One enchanted evening with Brian Stokes Mitchell
Shame on all the young musical theater and singer wannabees who missed Saturday’s concert by the Tony- and heart-winning Brian Stokes Mitchell. The perfectly packaged and delivered 102-minute concert at Sanders Theatre was like a master class. Let’s start with the venue. Calling it one of his five favorite places to play in the United States, the baritone said, “when you sing a note [here], the hall takes it from you and puts an extra spin on it.’’ Next is the accompaniment provided by pianist Tedd Firth who took your breath away when the leading man wasn’t grabbing it.
A huge piece of the performing pie is talent, and Mitchell leaped out of the gate with “Some Enchanted Evening’’ from “South Pacific’’ and also earned points in the the-show-must-go-on department when the sound system added its noisy two cents for a few seconds. The singer cupped his ear, smiled, made a funny face, and never missed a beat: “I don’t know what that is, probably ghosts of the past saying ‘why do you use amplification?’ ’’ (which he later ditched for a romantically delicious rendition of “This Nearly Was Mine,’’ also from “South Pacific’’ — a lesson in projection).
A good program helps, and it doesn’t get much better than Rodgers & Hammerstein, George Gershwin, Cole Porter, and other Broadway behemoths. Going back to his “theater roots’’ for most of Saturday’s gig, the leading man got a kick out of singing tunes from some of his favorite “bad boy’’ roles, including Petruchio’s humorous “Where Is the Life That Late I Led?’’ from “Kiss Me, Kate’’ which earned Mitchell his Tony. Every song in the program showed the performer’s versatility in vocal range, emotions, body language, and ability to make you imagine that every character he’s singing to or about is on the stage. “I’ve gotten to play all the roles I’ve wanted to play except this one’’ was his intro to the “Soliloquy’’ from “Carousel’’ which almost made you root for bad-boy Billy Bigelow.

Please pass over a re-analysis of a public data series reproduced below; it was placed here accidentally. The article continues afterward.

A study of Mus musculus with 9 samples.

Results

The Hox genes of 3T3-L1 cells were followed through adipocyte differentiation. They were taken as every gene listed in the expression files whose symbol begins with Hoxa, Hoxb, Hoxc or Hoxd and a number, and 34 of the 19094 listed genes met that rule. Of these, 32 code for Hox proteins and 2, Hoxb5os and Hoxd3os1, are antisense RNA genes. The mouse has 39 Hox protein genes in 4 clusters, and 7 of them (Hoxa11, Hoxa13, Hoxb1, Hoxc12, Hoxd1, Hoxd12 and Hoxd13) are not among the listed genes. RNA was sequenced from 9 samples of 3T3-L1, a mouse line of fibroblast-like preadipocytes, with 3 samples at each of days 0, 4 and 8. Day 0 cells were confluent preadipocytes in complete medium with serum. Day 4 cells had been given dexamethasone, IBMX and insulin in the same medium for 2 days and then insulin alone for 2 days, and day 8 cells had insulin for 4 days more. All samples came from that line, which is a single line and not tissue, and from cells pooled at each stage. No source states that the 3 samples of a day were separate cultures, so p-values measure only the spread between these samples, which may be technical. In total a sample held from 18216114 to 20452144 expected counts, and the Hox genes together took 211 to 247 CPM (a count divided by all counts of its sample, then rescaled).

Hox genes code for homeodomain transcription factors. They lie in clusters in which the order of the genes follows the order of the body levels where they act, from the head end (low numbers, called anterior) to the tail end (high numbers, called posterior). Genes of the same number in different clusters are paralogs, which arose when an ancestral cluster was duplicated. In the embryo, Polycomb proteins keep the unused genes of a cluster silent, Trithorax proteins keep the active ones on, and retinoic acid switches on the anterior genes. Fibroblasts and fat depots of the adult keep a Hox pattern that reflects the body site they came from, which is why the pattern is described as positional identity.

The program ended with an a cappella version of “America the Beautiful’’ which transitioned to “Wheels of a Dream’’ from “Ragtime.’’ And after an encore of “Some Other Time’’ from “On the Town’’ and “The Impossible Dream’’ from “Man of La Mancha,’’ the master showman wished the ladies a happy Mother’s Day and delivered the most important show-biz lesson: Always leave ’em wanting more.
June Wulff can be reached at firstname.lastname@example.org.